DENVER (KDVR) — The city of Denver said it is dealing with a new surge of migrants from the U.S. southern border.
The city has now served and sheltered more than 20,000 migrants since December, hundreds of them bused in from Texas just this past weekend.
The city confirmed to FOX31 on Wednesday that an average of 200 migrants had been arriving in town per day. Just two days later, that daily average has shot up, and it’s taking a toll on the city’s ability to care for these folks.
“We’re seeing a significant influx of migrant guests into Denver,” Jon Ewing, with Denver Human Services, said.
The average number of migrants arriving in Denver was 200 a day.
“Now we’re getting closer to 240 people, per day, arriving in Denver,” Ewing said.
Migrant arrivals strain Denver resources, city says
There is no plan from Washington to fund services for these folks when they arrive, Ewing said, putting that task on the cities where they land.
“It’s very difficult, it’s very challenging,” Ewing said. “We are strained, in some cases, in resources.”
It’s been an ongoing mission for the city of Denver, which has welcomed these folks since they started getting bused here, en masse, in December.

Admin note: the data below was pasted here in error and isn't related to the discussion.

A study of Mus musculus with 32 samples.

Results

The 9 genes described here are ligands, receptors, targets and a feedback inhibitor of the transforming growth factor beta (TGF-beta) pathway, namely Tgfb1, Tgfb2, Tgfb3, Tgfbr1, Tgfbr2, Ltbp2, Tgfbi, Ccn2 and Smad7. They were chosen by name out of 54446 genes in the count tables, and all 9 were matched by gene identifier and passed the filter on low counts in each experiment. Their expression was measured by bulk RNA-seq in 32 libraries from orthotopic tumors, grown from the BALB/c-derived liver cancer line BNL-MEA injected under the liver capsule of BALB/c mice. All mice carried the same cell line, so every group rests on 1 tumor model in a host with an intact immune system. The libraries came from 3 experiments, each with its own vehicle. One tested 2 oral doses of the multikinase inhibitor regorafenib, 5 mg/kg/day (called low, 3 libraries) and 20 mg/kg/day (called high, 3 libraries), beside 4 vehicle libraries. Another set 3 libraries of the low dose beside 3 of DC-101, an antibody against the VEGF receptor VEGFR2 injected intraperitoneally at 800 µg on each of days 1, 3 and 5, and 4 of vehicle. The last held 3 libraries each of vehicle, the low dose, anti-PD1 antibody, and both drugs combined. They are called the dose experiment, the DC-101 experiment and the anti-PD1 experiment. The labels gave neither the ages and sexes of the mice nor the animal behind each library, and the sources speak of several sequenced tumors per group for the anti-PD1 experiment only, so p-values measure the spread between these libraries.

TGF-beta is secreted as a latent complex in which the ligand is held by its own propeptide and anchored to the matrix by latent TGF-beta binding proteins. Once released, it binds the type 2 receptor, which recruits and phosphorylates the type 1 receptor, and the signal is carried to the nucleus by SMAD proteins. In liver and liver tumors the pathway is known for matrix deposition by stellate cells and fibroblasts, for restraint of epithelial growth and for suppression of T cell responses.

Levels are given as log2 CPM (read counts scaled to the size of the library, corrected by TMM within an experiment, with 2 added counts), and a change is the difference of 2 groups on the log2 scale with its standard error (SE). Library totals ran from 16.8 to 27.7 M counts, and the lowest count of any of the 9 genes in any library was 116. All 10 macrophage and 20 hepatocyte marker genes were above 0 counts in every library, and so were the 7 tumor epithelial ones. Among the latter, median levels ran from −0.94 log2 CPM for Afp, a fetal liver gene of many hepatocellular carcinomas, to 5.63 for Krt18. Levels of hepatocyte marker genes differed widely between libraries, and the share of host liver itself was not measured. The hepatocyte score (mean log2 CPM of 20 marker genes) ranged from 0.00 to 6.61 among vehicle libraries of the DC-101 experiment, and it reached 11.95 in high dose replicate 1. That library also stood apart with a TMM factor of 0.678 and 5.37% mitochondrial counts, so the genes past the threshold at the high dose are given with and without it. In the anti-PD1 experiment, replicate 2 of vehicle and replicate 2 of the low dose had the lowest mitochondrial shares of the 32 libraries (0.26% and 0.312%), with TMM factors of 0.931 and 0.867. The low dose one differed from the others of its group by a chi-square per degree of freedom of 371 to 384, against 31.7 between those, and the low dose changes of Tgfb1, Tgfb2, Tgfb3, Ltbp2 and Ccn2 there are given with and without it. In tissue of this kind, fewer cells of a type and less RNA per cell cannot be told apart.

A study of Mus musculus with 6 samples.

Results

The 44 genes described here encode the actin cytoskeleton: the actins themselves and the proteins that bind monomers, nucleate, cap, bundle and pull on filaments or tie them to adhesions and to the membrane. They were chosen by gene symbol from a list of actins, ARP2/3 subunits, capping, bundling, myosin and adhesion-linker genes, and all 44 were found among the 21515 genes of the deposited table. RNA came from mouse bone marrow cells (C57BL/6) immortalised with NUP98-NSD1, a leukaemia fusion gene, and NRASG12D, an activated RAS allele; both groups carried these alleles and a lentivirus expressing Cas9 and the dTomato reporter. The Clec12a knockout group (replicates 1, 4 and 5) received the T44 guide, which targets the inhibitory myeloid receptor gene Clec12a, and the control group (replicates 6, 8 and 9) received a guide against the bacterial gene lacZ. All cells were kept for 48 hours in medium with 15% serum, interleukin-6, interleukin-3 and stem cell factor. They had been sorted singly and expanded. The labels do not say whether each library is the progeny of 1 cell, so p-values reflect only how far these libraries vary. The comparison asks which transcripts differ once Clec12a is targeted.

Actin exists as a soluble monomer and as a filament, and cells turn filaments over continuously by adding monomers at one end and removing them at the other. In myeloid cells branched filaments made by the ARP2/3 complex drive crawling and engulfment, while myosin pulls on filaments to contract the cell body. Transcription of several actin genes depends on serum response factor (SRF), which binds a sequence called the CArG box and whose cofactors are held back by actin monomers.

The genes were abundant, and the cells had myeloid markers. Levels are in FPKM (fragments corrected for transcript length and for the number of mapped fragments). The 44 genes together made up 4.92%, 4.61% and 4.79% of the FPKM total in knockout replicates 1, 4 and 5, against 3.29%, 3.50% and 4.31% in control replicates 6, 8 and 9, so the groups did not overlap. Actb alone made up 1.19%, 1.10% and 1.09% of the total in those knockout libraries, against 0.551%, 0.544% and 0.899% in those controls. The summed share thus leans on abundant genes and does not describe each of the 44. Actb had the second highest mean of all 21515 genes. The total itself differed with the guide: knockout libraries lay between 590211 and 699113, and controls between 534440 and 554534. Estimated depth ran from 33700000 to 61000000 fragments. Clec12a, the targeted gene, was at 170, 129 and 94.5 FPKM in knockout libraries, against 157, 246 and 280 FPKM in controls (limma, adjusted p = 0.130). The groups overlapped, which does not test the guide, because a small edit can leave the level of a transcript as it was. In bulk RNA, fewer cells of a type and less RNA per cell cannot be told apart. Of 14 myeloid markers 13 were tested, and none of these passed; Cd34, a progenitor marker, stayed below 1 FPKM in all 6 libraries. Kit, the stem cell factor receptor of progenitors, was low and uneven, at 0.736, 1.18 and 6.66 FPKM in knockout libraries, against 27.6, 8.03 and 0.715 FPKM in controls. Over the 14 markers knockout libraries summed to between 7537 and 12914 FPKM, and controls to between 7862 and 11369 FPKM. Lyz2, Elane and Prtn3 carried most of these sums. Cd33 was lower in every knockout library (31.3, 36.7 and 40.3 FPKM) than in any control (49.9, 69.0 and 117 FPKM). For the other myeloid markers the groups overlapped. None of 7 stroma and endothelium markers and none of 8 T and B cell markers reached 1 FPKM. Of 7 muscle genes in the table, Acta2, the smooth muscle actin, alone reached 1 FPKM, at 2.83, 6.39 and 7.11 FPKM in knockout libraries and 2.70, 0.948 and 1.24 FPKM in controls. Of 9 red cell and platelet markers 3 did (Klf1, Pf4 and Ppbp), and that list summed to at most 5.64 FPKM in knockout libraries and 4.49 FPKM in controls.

“Sheltering, feeding, supporting, medical care,” Ewing said.
Mayor Mike Johnston said the city is getting dangerously close to maxing out the local budget.
“We’re at a little more than $25 million spent,” Ewing said.
Since December, the city reports that 20,000 migrants have been supported and sheltered.
The Texas governor said he has sent 1,500 migrants to Denver since May 18. The city said an additional 600 migrants arrived over the weekend.
The city’s plan has been to give these folks a place to land and help them get established.
“If you’re an individual, we can give you 21 days here,” Ewing said. “We can give you 30 days if you’re a family.”
There’s a way you can help: With the cold season, warm clothes are always in demand, but you can also take a job with the city. These are part-time jobs available now paying $25 an hour to start.
“If you want a job and you want to come work with us and come work in the shelter and help us out, help us process some people,” Ewing said, “we’d love to have you.”